Now, with camp set to open Monday afternoon, Lance Kendricks has an opportunity to further the tight end legacy by establishing his own respective lore.
WHAT WE KNOW: Kendricks has proven he's capable
If you have any questions in regards to Kendricks on field ability, you don't have to look any further than his performance in the 2009 Champs Sports Bowl. In that game, Kendricks not only caught more balls than anybody else, he was absolutely dominant in doing so.
The Hurricanes, a team that most favored to beat the Badgers, couldn't find an answer for the speedy Milwaukee native. He blocked off the line and caught passes in the seam throughout the entirety of UW's 20-14 victory.
At times, on a field loaded with talented athletes, Kendricks seemed to outshine the rest.
Anybody following Badger football knows about Kendricks and they know about his ability to stretch the field as another Badger H-back. He is faster than the prototypical tight end and he is stronger than many give him credit for in the trenches.
When offensive coordinator Paul Chryst called his number on that very successful end around against Purdue, Kendricks turned on the burners to the tune of 91 yards on only four carries.
He possesses some of the best hands on the team and will surely be a threat everywhere on the field for the Badgers this season. The only question surrounding Kendricks is who will step up to assist him as camp wears on?
BIGGEST QUESTION ENTERING CAMP: Will there be a solid No. 2 tight end option?
With both Graham and Mickey Turner exhausting their eligibility following productive senior seasons, only Kendricks returns with a multitude of experience.
That leaves players such as Jake Byrne, Brian Wozniak, Jacob Pederson, Rob Korslin, Zach Davison and newcomers Manasseh Garner and Sherard Cadogan left to position themselves for a spot in the tight end rotation.
During spring camp Byrne, Wozniak, Pedersen and Korslin each made strides, but each proved they were also young with mistakes that simply can't be made by players itching for legitimate game action.
So when fall camp ensues all seven players will need to showcase their growth and unique skill packages in an attempt to not only impress their position coach Joe Rudolph, but also Chryst and head coach Bret Bielema. At this point, it seems the most consistent player throughout August will see the most snaps come September.
FRESH FALL CAMP FACES: Sherard Cadogan, Manasseh Garner, Ben Landry
Cadogan enters the program as one of the more lauded recruits in the previous class. Listed at 6-foot-3 and 233 pounds, he possesses the size to become an influential prospect at his position. If he enters the grind of fall camp and maintains a level of improvement or consistency, it wouldn't be far fetched to see him get some reps as a true freshman. But then again, predicting major success from true freshmen is always a slippery slope.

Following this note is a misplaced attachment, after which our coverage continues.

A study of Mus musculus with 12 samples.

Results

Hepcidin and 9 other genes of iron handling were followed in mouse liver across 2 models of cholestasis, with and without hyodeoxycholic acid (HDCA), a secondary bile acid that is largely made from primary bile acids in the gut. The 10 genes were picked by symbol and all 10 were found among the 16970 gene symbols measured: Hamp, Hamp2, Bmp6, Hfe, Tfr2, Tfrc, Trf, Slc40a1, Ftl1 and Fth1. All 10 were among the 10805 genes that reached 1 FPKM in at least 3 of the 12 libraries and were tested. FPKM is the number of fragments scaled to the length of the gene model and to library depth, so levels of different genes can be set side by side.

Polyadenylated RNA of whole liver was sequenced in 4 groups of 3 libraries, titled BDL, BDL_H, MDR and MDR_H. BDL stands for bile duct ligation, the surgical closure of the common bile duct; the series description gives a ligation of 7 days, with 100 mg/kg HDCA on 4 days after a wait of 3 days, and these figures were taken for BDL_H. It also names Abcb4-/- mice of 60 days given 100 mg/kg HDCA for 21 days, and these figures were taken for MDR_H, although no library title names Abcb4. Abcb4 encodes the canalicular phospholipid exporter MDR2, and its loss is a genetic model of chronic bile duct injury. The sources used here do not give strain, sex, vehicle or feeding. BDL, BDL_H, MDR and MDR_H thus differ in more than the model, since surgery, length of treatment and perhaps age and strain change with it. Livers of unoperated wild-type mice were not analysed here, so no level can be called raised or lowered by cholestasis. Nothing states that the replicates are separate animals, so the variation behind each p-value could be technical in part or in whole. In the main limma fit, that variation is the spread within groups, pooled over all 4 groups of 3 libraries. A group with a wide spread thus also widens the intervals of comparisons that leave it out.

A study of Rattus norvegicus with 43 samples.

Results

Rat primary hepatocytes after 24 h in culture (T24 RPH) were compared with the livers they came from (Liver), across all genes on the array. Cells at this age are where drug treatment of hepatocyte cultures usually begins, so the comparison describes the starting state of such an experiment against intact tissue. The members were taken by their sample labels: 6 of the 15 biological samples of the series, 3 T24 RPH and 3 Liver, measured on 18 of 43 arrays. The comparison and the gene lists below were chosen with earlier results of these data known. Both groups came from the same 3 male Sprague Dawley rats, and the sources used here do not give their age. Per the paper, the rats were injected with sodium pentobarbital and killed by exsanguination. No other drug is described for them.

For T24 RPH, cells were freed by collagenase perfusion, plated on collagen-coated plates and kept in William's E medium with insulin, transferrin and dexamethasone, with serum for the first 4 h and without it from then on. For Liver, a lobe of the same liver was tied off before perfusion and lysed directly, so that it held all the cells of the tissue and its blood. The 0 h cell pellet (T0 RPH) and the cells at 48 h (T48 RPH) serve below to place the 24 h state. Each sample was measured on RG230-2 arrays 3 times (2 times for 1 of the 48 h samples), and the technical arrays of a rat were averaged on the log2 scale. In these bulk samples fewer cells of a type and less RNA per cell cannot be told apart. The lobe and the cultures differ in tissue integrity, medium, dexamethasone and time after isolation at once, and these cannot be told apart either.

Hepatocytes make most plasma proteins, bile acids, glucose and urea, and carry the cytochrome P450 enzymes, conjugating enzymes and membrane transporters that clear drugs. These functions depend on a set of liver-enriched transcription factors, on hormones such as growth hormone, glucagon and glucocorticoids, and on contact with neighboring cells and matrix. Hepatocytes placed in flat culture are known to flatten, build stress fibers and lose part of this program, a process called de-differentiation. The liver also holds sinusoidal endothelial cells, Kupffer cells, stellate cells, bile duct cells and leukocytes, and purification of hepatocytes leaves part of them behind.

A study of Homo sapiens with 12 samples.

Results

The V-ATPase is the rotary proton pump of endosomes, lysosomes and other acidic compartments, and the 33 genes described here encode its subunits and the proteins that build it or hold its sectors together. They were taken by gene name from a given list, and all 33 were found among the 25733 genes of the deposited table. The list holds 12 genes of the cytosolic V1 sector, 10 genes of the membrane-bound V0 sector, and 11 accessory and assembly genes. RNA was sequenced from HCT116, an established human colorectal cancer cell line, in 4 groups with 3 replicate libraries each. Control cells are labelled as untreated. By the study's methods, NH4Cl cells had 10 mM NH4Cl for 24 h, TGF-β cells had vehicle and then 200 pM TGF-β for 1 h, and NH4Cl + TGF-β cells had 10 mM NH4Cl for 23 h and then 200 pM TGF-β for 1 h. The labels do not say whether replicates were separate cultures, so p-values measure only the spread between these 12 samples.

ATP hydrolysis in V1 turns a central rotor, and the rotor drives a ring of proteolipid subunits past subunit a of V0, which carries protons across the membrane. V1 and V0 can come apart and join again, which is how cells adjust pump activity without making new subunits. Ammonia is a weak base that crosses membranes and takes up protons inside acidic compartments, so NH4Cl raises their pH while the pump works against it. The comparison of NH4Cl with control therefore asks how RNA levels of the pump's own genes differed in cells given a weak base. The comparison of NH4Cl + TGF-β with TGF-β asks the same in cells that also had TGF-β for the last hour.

Garner, who has great speed has been mentioned as a potential H-back suitor during his time at UW. He may also be playing some at the wide receiver spot. It will be interesting to see how he pans out during his first fall camp. He is currently listed as a wide receiver, but it wouldn't be over the top shocking if he was moved to an H-back position much like Kendricks was early in his career.
Landry is more of a traditional tight end prospect and will likely utilize his redshirt season. However, at 6-foot-4 and 246 pounds, he could potentially work his way into the special teams rotation.
FALL CAMP PREDICTION:
At this juncture in his career, it seems as though Byrne has the best chance to break into the regular rotation as a traditional tight end. Entering his third season in the program, this will likely be the time Byrne steps up and develops into the player many thought he could be coming out of high school in Arkansas. Though he isn't the burner like Kendricks or some of the other H-back players, he is a big body that is an adequate blocker. And really, out of the traditional tight end spot, that's what the Badgers need.
I'm curious to see how Cadogan and Garner perform in camp. Both are highly touted coming out of their prep careers, and both have supremely gifted talents as pass catchers. It wouldn't be all that surprising to see one or both of the players forgo the redshirt option in favor of trying to play as true freshmen.
Stay tuned to BadgerBlitz.com throughout the weekend and we continue to preview the positions entering Monday's fall camp opener.